Richard Beckinsale was an English actor, primarily known for his roles in sitcoms. His best known characters were prison inmate Leonard Arthur “Lennie” Godber in “Porridge” (1974-1977) and its sequel series “Going Straight” (1978), and medical student Alan Moore in “Rising Damp” (1974-1978).
Beckinsale was born in the suburban town of Carlton, Nottinghamshire, which is part of the Borough of Gedling. His father Arthur John Beckinsale was Anglo-Burmese, while his mother Maggie Barlow was English. Beckinsale claimed to be a distant cousin of actor Charles Laughton (1899-1962).
Beckinsale attended College House Junior School in Chilwell,and performed in many school plays. His first notable role was that of Dopey the Dwarf in a school play adaptation of “Snow White and the Seven Dwarfs”. He also appeared in school plays while attending Alderman White Secondary Modern School. In 1962, he decided to drop out of school and pursue a career as a professional actor. At age 15, Beckinsale was too young to attend drama school. He financially supported himself through a series of odd jobs.
In 1963, Beckinsale was enrolled at Nottingham College, Clarendon, pursuing a drama teacher’s training programme. In 1965, Beckinsale applied for training the Royal Academy of Dramatic Art (RADA). He was accepted there with his second audition, one of only 31 applicants accepted. During his training, Beckinsale accepted a comedy award. He graduated in 1968.
Following his graduation, Beckinsale started appearing in repertory theatre. He toured the United Kingdom with such roles as the Scarecrow in “The Wizard of Oz”, Sir Andrew Aguecheek in “Twelfth Night”, and the title role in Shakespeare’s Hamlet. He made his television debut in 1969, playing a one-shot police officer character in the soap opera “Coronation Street”. He next gained a minor role in the drama series “A Family at War” (1970-1972).
His first major television role was that of leading Geoffrey Scrimshaw in the sitcom “The Lovers” (1970-1971). The premise was having a mismatched couple, with a romantic girl paired with a sex-obsessed boyfriend. It was a minor ratings hit and brought some much-needed fame to Beckinsale.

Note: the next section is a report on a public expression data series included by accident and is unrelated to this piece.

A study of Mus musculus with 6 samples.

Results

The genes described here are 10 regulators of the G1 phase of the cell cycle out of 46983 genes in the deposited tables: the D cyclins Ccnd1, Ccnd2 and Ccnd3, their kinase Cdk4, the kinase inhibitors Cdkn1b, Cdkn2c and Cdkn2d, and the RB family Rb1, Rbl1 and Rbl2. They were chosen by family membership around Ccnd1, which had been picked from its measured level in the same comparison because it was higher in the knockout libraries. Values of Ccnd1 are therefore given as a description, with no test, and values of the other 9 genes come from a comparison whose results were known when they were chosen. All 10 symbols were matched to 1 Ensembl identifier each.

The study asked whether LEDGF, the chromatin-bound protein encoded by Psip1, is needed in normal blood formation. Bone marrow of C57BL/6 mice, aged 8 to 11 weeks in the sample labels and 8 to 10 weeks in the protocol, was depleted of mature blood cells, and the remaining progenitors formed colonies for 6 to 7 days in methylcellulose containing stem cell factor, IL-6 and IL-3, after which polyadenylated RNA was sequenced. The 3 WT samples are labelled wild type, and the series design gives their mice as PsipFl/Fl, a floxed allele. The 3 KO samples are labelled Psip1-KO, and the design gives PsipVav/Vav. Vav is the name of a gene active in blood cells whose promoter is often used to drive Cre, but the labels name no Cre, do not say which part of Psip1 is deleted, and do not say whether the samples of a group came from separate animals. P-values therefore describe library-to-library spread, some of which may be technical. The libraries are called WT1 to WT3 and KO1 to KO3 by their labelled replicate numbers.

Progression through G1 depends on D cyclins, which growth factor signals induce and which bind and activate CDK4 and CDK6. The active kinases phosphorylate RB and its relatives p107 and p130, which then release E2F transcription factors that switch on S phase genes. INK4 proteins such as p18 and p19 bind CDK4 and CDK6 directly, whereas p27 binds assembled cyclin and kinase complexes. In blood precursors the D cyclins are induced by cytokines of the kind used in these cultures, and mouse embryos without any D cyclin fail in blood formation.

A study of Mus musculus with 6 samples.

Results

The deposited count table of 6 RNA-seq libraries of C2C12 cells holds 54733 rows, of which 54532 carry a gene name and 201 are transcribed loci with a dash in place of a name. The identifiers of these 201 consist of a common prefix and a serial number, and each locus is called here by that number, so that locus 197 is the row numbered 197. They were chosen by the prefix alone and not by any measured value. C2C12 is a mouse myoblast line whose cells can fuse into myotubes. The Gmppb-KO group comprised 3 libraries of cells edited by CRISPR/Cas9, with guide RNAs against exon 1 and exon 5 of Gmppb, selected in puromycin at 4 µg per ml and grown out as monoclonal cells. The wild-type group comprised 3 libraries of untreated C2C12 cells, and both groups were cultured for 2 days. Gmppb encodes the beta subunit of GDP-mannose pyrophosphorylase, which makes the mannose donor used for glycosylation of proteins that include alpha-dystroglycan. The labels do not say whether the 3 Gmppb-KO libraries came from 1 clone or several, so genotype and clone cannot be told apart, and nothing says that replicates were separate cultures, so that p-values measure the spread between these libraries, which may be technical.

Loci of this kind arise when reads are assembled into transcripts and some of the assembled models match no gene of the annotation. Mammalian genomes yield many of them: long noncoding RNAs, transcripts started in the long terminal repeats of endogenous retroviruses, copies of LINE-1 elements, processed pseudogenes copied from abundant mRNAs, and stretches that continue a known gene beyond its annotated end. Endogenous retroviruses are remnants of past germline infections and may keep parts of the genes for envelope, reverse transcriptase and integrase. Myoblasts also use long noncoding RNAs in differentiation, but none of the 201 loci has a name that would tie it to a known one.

Beckinsale’s career reached new heights with the hit sitcoms “Porridge” and “Rising Damp”. He also appeared in the sequel series “Going Staight”, with the humorous concert of former prison inmates trying to rebuild their lives and seeking honest jobs. His final major role was the leading actor in the sitcom “Bloomers”, but only five episodes were completed before his death.
In December, 1978, While filming episodes for “Bloomers”, Beckinsale suffered from dizzy spells. He was worried about his health and sought medical help, but his doctor reassured him that his only health problems were ” an overactive stomach lining, and slightly high cholesterol”. He subsequently had further signs of ill health, but he attributed them to his nerves.
By 18 March, 1979, Beckinsale was suffering from pain in his chest and arms, but decided against seeking further help. He went to bed, and was found dead the next morning. He had died during the night due to a heart attack. A post-mortem examination revealed that his recent health problems were the results of coronary artery disease. He was only 31 at the time of his death.
Beckinsale was cremated in Bracknell, Berkshire, and his remains were taken to Mortlake Crematorium. A memorial service for him was attended by 300 people, a testament to his popularity. In his will, he left about 65,000 pounds for his wife and daughters. Only 18,000 pounds were left after taxes.